Jars of these pears seem like extravagant Christmas gifts to the recipient, but are really quite economical to make.
It’s not quite a sugar-free recipe, as there is of course a great deal of sugar in the apple juice, but there’s no added sugar.
One of these pear halves is delicious with a dollop of fat-free Greek yoghurt on it.
This recipe is a Ball recipe — “Cinnamon Pears” — with the added idea of brandy extract.
Jar size choices: Half-litre (1 US pint / 500 ml/ 16 oz) OR litre (US quart / 32 oz)
Processing method: Either water-bath or steam canning
Yield: 3 x litre (US quart) jars
Headspace: 2 cm (½ inch)
Processing time: Half-litre (pint) 20 minutes; litre (quart) 25 minutes.
Pears in Brandied Apple Juice
Yield: 6 x half-litre (US pint) jars
Wash pears. Cut in half lengthwise, core and peel. Place completed pear halves in a bowl of water with some lemon juice in it.
Put a broad pan such as a Dutch oven with 5 to 10 cm (a few inches) of water in it on to start boiling.
Put the apple juice in a saucepan and set on a burner to start heating.
Poach the pears one layer at a time in the pot of boiling water, until they are hot throughout.
Bring apple juice to full boil.
Pack hot pears into half-litre (US pint) or litre (US quart) jars, core cavity downwards. It's okay to layer them in the jar.
Leave 2 cm (½ inch) headspace.
Tuck 1 cinnamon stick in each jar.
In each jar, put ½ teaspoon brandy extract and (optional) 1 tablespoon brandy. (Double those quantities for litre (US quart) jars.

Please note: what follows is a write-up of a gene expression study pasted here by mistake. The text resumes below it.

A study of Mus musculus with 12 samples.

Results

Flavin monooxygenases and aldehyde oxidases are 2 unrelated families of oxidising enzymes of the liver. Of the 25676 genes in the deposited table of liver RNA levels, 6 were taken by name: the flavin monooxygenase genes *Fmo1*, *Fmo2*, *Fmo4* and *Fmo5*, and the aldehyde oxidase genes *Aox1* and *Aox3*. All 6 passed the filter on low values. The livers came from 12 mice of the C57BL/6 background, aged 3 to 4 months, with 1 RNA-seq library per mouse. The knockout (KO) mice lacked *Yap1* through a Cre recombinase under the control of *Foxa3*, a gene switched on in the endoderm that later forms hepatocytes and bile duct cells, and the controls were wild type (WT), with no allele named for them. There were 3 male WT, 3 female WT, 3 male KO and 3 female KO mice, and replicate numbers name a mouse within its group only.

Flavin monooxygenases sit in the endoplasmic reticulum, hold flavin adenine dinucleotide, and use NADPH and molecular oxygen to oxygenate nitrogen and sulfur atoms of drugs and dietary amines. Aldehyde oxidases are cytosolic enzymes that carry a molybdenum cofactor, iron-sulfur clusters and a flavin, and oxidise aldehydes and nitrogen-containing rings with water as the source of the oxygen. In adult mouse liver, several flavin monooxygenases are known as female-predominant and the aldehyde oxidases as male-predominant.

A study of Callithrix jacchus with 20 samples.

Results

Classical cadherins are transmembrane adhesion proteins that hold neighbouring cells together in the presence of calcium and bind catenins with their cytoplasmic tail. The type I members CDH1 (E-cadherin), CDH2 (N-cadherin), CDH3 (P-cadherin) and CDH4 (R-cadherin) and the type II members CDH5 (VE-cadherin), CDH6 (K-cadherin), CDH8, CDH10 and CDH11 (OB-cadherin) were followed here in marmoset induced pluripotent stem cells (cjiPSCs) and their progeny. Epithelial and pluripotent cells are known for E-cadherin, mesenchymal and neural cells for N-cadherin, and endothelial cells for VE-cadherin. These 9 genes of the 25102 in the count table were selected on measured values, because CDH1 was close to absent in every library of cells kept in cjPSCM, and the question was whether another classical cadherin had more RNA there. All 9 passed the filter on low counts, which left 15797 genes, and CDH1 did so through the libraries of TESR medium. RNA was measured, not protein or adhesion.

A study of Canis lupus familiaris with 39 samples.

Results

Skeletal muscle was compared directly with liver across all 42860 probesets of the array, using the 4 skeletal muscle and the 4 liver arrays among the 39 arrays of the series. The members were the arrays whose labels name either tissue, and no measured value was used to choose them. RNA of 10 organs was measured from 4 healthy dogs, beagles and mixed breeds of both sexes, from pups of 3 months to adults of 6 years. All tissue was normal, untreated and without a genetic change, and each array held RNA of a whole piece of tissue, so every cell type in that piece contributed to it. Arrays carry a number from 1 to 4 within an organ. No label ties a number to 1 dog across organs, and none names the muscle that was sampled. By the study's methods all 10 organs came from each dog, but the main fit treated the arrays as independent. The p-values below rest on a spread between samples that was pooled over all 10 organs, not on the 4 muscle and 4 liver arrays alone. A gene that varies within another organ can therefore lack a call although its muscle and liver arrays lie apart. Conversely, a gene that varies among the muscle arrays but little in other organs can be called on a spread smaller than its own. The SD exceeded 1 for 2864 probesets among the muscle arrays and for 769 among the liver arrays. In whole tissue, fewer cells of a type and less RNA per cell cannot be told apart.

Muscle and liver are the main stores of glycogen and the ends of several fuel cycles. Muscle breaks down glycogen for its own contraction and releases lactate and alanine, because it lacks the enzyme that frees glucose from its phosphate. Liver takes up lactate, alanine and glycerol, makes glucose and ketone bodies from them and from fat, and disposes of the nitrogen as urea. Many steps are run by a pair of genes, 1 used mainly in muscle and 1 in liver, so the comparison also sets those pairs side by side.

Top up each jar with the hot apple juice, leaving the 2 cm (½ inch) headspace.
Debubble, adjust headspace.
Wipe jar rims.
Put lids on.
Process in a water bath or steam canner.
Process half-litre (US pint) jars for 20 minutes; 1 litre (US quart) jars for 25 minutes.
Best after at least a few weeks of jar time.
How to water bath process.
How to steam can.
When water-bath canning or steam canning, you must adjust the processing time for your altitude.
More information about Sugar and Salt-Free Canning in general.
- Don’t use Asian pears for this; they aren’t as acidic as European pears, and this recipe was probably developed for European pears.
- The apple juice quantity is approximate. You may need more or less.
- Instead of boiling the apple juice in a pot, you could zap it to boiling in a microwave.
- The expectation would be that the pears are going into the jars quite warm to hot — as opposed to room temperature or cold.
- Adding a tablespoon of actual brandy to the jar is really there just to provide “truth in advertising”, that there is some actual brandy in there! You could omit and just use the brandy extract.
Cinnamon Pears. In: Ball Blue Book. Muncie, Indiana: Healthmark LLC / Jarden Home Brands. Edition 37. 2014. Page 20
- Added the brandy extract and brandy. On the same page, Ball has a recipe that calls for the packing liquid to be half brandy, but this gives the same effect without the added expense or calories.
Serving size: ½ pear
(Nutrition based on assumption that a pear has absorbed 1 tbsp apple juice.)
Per ½ pear. 47 calories.
Weight Watchers PointsPlus®: Per pear half, 1 point.
* Nutrition info provided by https://caloriecount.about.com
* PointsPlus™ calculated by healthycanning.com. Not endorsed by Weight Watchers® International, Inc, which is the owner of the PointsPlus® registered trademark.